Like ghosts leaving their bodies those factories
were leaving us. Their black hulks were lying here,
complex and empty -- but we heard that they
were in fact still living, elsewhere. Their souls
had flown to a heaven called Brazil and there
had new bodies, glorious, in a new world.
The cages and vented fires there, we heard, the power
of the renovated hammering, the titanic outputs,
the inexhaustible eternity of the materials
and the labour of that world were beyond our imagination,
and the way those mills shone beside plunging rivers
fresher and wider than our oceans here,
the way they stood in the shade of primitive trees and eyes.
And we were shaken by a further rumour: of a flaw
in the world, in being itself, and even deeper --
a flaw in salvation. It was said that those ghosts,
even beatified, were eating heaven -- that despite
infinity, they would soon consume it all,
have nothing left, and start on their own bodies.
Was this, then, what awaited us? Not likely. We
were condemned. They sat us down with the manual that said,
'If you are seeking work for fifty hours each week,
then seek for one hundred. Forget sleep. Work
at having no work harder than you ever worked at work:
then you will find work faster and when you find it
you will have learned how to work. Remember,
all who seek will find, and so, think what it means
that you are still seeking. Remember, there's work for all,
but unless you try harder than the others
they will get it and there will be none for you.
Take their work. It will teach them to work better.
You will have what you desire, so think what it means
that you are unemployed and want to die and do not dare.'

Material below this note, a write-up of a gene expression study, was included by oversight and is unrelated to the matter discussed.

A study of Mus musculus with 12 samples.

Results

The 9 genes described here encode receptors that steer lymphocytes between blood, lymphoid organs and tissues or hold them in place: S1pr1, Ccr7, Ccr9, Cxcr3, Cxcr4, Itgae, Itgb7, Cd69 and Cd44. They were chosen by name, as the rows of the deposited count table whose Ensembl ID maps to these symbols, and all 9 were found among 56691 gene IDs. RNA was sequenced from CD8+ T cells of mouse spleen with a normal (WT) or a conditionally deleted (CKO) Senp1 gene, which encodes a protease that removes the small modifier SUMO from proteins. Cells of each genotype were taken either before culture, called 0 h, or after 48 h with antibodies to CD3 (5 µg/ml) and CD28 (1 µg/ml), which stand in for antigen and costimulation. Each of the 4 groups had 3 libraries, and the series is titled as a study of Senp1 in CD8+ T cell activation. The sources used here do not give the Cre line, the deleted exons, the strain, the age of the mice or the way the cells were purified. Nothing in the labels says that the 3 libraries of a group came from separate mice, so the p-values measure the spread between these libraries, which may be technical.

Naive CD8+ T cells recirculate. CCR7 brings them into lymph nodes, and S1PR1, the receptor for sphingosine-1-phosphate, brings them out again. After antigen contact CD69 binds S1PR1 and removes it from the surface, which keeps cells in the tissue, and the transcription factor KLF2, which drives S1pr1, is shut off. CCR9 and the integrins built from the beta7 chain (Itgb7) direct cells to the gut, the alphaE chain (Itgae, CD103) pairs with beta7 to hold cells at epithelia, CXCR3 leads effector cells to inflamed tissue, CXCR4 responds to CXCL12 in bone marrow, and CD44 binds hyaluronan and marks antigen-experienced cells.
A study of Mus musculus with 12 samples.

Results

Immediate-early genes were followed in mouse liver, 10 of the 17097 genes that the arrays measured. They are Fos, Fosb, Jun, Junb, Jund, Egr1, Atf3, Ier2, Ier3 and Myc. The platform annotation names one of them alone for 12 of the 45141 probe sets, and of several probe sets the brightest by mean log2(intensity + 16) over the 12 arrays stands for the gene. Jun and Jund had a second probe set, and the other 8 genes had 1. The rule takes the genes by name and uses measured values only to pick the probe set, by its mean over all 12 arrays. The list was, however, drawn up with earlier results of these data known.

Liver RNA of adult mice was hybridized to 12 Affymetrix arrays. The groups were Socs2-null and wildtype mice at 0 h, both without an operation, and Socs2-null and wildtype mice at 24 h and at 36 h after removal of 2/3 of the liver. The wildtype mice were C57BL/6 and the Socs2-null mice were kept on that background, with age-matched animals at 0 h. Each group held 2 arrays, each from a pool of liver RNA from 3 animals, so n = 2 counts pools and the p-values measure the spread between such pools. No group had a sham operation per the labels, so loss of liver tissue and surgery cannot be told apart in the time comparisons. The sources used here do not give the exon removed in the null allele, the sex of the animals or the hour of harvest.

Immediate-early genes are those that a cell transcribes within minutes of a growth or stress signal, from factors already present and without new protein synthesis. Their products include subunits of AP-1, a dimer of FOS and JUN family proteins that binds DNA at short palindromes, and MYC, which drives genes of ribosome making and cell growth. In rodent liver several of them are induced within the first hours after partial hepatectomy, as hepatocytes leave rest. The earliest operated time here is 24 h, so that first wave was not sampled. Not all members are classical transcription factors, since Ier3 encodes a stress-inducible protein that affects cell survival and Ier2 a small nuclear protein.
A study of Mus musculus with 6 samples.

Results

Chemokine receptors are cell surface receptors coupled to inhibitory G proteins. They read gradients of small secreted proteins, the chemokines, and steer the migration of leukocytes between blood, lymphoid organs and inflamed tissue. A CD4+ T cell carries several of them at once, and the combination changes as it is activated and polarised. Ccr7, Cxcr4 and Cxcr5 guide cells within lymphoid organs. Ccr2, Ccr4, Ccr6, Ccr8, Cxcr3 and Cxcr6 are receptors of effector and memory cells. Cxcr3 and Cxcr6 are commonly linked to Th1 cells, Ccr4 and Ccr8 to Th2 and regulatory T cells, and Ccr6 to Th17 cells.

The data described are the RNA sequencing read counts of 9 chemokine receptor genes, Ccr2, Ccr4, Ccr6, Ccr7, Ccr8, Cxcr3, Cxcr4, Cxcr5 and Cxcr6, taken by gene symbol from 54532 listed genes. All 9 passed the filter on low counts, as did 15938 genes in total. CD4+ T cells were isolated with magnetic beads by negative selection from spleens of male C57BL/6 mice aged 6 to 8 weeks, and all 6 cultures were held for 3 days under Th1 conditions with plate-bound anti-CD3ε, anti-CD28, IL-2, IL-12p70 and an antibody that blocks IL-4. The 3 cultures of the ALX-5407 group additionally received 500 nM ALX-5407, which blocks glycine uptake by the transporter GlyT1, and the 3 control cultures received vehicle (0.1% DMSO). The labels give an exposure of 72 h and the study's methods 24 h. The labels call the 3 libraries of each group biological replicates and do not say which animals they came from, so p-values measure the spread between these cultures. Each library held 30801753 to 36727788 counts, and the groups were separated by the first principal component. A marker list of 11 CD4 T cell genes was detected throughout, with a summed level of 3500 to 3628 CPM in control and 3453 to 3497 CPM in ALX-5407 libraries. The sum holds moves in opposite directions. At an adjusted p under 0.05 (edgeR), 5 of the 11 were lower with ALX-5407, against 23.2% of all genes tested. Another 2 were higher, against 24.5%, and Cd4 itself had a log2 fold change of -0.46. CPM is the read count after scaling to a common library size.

I remember that when I wrote this manual we were happy.
It was a difficult, long-drawn-out job,
what with the committee, the management, the board,
and even the shareholders demanding to approve each word,
and in total agreement fighting over the drafts,
differences without distinction, hoping to compose
by mindless opposition something perfectly insipid and bold.
Months, years went by, I was paid well
for my work to be erased, and when we could
we huddled together in the depths of the house.
We had and raised our child, we fought and cried,
watched the birds in the garden at the seed
the manual paid for, though they were free in the wild
to take their glory elsewhere
and find what seed they would.
Then it was all over, the warring factions
were satisfied, the self-help manual
for the unemployed was finished and so was I.
And now that, to help me, they put it in my hand,
I have to contemplate the perfection of my work --
no future book can equal its inescapable clarity --
and its uselessness -- neither I nor anyone
will ever find work again. Our child, for instance:
when we were employed we trained him at dire expense
with the greatest artists, and he had already created
his famous series of workers,changed into light and money,
circulating through the elongated no place
of fibre optics. But now he draws graffiti on walls,
dodging the police, for who can afford canvas?
Or he breaks windows, scrapes stones over marbles facades,
writes manifestos on stolen fast food paper napkins,
identifying himself with the subtle, relentless
markings and destructions of the wind and rain:
for no one is going to buy him any other press
and lithographic stone, no bank is going to invite him
to carve the divine history with all
its demonic grotesques on the new cathedral's door.
Moritz, A. F. "Artisan and Clerk" Modern Canadian Poets. Jones, Evan and Todd Swift, eds. Manchester: Carcanet Press Limited, 2010. 155-7.